Some people with cancer develop a condition that causes cancer cells to break down and die very quickly. A large number of cancer cells dying within a short period triggers an increase of certain chemicals. Normally, the kidneys can remove these chemicals as waste, but when the process occurs too rapidly, the kidneys cannot keep up, and tumor lysis syndrome or TLS develops. Doctors consider this condition an oncology emergency because rapid changes affect organ function throughout the body.
In most cases, tumor lysis syndrome develops about a week after chemotherapy treatments begin, though it may occur spontaneously in people with cancer who have a large number of cancer cells, faster-growing cancer, or a large cancerous mass. TLS also has been diagnosed in people receiving steroidal, radiation therapy, hormonal therapy, and targeted therapy treatments. Research suggests people with acute or high-grade lymphoma have a higher risk of developing TLS. Dehydration and existing kidney issues increase the risk.
Cancers of the blood, such as acute leukemia and non-Hodgkin lymphoma, are fast-growing and aggressive, but they are highly sensitive to chemotherapy drugs, which can destroy the leukemia cells quickly. These potent treatments also disrupt the ability of the cells to grow and divide; instead, tumor cells rapidly break down in massive numbers, releasing high levels of uric acid, potassium, and phosphorus. This huge chemical release overloads the kidneys and prevents them from filtering out and disposing of the excess waste. TLS also affects the heart, gastrointestinal tract, brain, and muscles.
Individuals with solid tumors are low-risk for developing tumor lysis syndrome, but research shows spontaneous TLS occurs more often in people diagnosed with gastric, lung, or breast cancer. It's occurrence in people with liver cancer is rarer. The symptoms of the spontaneous condition may even be evident before doctors diagnose a malignant disease. Oncologists say dramatic electrolyte imbalances and kidney impairment often alert them to the condition.
The symptoms of TLS are often subtle in the beginning. People typically experience nausea, which may or may not include vomiting. They might complain of overall fatigue and a lack of appetite, and become noticeably restless and increasingly irritable. Muscle twitches, spasms, and cramps can also occur, and some also report numbness or tingling. Pain may develop in the flank area, which includes the upper abdomen, back, and sides. Others experience confusion, seizures, or hallucinations. Kidney issues lead to dark urine or reduced output. A fast-beating, fluttering, or pounding of the heart, or heart palpitations, are also common. As the levels of chemicals increase in the bloodstream, the symptoms will continue to grow worse unless treated.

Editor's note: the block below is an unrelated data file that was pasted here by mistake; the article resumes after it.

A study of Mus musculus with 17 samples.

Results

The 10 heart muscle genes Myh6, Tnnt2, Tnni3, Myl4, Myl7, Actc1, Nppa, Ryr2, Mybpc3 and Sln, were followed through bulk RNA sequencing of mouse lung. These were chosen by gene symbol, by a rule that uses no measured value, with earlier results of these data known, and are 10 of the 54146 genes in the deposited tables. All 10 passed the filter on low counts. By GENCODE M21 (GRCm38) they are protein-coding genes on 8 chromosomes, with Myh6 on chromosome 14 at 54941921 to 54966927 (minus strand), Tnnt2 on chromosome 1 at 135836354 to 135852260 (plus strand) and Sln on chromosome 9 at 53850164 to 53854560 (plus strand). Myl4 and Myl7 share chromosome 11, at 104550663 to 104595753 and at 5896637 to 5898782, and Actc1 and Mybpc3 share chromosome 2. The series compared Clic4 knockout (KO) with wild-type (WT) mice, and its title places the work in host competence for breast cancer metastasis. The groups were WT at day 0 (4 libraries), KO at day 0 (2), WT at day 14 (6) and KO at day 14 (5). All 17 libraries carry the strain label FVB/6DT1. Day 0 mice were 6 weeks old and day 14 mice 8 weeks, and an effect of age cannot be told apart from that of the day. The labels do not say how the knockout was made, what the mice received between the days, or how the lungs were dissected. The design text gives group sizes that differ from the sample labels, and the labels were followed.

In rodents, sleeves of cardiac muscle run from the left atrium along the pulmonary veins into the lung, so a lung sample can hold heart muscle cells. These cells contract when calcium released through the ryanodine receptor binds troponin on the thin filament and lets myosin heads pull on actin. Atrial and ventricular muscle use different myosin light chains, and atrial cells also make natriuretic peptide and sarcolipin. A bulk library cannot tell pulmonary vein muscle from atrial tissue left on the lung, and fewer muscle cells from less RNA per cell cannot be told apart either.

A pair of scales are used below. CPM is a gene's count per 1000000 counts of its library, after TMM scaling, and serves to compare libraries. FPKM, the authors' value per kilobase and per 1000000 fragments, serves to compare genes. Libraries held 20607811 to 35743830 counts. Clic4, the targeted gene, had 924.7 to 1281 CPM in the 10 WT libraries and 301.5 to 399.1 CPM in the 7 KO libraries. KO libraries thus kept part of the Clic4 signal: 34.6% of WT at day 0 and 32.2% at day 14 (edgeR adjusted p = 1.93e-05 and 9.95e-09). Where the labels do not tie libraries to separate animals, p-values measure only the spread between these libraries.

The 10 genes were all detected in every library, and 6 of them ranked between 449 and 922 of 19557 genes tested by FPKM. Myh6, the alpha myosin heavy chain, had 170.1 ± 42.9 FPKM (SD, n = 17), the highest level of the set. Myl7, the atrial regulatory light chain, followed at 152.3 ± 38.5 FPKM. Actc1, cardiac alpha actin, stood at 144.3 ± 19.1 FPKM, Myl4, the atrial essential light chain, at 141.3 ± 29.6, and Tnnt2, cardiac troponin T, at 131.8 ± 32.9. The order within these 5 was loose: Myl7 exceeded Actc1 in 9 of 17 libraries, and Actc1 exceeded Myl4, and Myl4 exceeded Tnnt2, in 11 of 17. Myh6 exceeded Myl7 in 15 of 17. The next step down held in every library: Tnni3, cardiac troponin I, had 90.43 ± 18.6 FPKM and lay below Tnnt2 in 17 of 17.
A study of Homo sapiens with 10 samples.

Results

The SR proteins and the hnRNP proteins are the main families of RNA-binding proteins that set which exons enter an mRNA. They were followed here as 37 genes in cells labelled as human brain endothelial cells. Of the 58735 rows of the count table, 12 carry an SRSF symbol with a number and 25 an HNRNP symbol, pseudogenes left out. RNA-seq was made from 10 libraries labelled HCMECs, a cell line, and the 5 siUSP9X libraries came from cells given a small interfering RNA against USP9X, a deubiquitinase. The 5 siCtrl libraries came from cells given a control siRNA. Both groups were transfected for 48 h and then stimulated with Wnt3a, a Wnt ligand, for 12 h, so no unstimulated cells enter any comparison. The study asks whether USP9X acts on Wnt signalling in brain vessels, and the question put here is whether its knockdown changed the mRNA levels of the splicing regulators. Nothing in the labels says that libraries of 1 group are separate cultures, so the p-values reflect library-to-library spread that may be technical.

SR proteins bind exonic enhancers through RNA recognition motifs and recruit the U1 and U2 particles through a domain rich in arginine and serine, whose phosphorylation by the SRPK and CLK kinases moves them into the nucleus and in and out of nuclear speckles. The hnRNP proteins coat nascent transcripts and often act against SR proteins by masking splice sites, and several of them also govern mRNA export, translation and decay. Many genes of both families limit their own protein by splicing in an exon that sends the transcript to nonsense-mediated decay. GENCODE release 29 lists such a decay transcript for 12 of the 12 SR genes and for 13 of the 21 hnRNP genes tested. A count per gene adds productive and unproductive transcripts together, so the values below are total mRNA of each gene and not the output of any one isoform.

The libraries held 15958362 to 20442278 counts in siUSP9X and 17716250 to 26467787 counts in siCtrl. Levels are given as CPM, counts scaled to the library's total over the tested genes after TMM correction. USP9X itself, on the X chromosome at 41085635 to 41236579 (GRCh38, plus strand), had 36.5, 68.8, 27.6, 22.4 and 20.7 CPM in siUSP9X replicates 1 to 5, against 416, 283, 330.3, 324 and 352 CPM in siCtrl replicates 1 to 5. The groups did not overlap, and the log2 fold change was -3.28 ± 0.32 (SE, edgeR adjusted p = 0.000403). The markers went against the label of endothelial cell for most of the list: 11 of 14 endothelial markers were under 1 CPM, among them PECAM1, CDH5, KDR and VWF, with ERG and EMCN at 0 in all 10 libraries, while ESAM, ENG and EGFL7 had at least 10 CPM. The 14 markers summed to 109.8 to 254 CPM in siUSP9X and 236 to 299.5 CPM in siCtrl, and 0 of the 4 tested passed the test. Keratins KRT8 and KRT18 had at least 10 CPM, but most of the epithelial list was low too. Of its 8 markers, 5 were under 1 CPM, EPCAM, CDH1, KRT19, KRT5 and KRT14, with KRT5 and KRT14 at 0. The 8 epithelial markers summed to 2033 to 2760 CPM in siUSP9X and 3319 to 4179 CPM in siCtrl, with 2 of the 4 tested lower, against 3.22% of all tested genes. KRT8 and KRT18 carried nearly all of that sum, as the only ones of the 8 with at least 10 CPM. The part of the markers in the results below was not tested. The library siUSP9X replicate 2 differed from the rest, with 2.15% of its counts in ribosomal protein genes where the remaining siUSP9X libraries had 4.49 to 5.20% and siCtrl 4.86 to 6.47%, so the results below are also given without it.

Because TLS affects so many systems in the body, a variety of metabolic and hormonal issues may result:
A variety of diagnostic tests help identify TLS or specific issues that could lead to the condition. Medical professionals generally perform a complete blood count or CBC, which examines not only the number but also the features of red blood cells, white blood cells, and platelets. Urinalysis is a group of tests that measure the electrolyte, sugar, protein, blood, cells, and bacteria levels in urine. Blood chemistry and uric acid tests allow the physician to determine chemical levels and identify abnormalities.
Once the medical team confirms a cancer diagnosis, they will determine whether the patient is at risk for TLS. High-risk individuals are placed on a treatment plan focused on preventing this complication. The doctor may prescribe IV fluids 24 to 48 hours before chemotherapy or other anti-cancer therapy begins. This not only keeps the body hydrated, but it also helps the kidneys flush out toxins. During this time, the medical staff also monitors the patient's urine output. If tests reveal high uric acid levels, the physician will likely prescribe medication to address the issue. Regular bloodwork will continue to ensure proper electrolyte levels.
Despite treatments geared toward preventing TLS, it may still develop and, if it does, it is considered a medical emergency. Ongoing diagnostic evaluation is crucial to address the many issues stemming from TLS that could lead to serious health implications. IV fluids, medications that reduce uric acid levels, and often, continued observation in the intensive care unit are required for people with the condition. Without treatment, the kidneys and other organs can fail, and the individual could die.
Reduced kidney function or estimated glomerular filtration leads to elevated phosphorus and uric acid levels. One 1998 study indicates that 68% of 1200 subjects with non-Hodgekin's lymphoma had pre-existing kidney dysfunction that placed them at greater risk of serious medical repercussions. To control higher potassium, phosphate, and uric acid levels, the physician may prescribe hemodialysis, a process that cleans the blood and removes extra fluid, such as urine, when the kidneys are not adequately performing these functions.
Some doctors prescribe a low-potassium, low-phosphate diet to patients at risk for TLS. If phosphate levels are high, the physician may also prescribe phosphate binders that, when taken at meals, prevent the body from absorbing phosphorus. For those with high uric acid levels, doctors sometimes recommend a low-purine diet. Purines are natural substances found in wild game, fish, organ meats, fatty foods, yeast, gravies, and liquor. However, there is little documented information about the effectiveness of diet in controlling uric acid levels.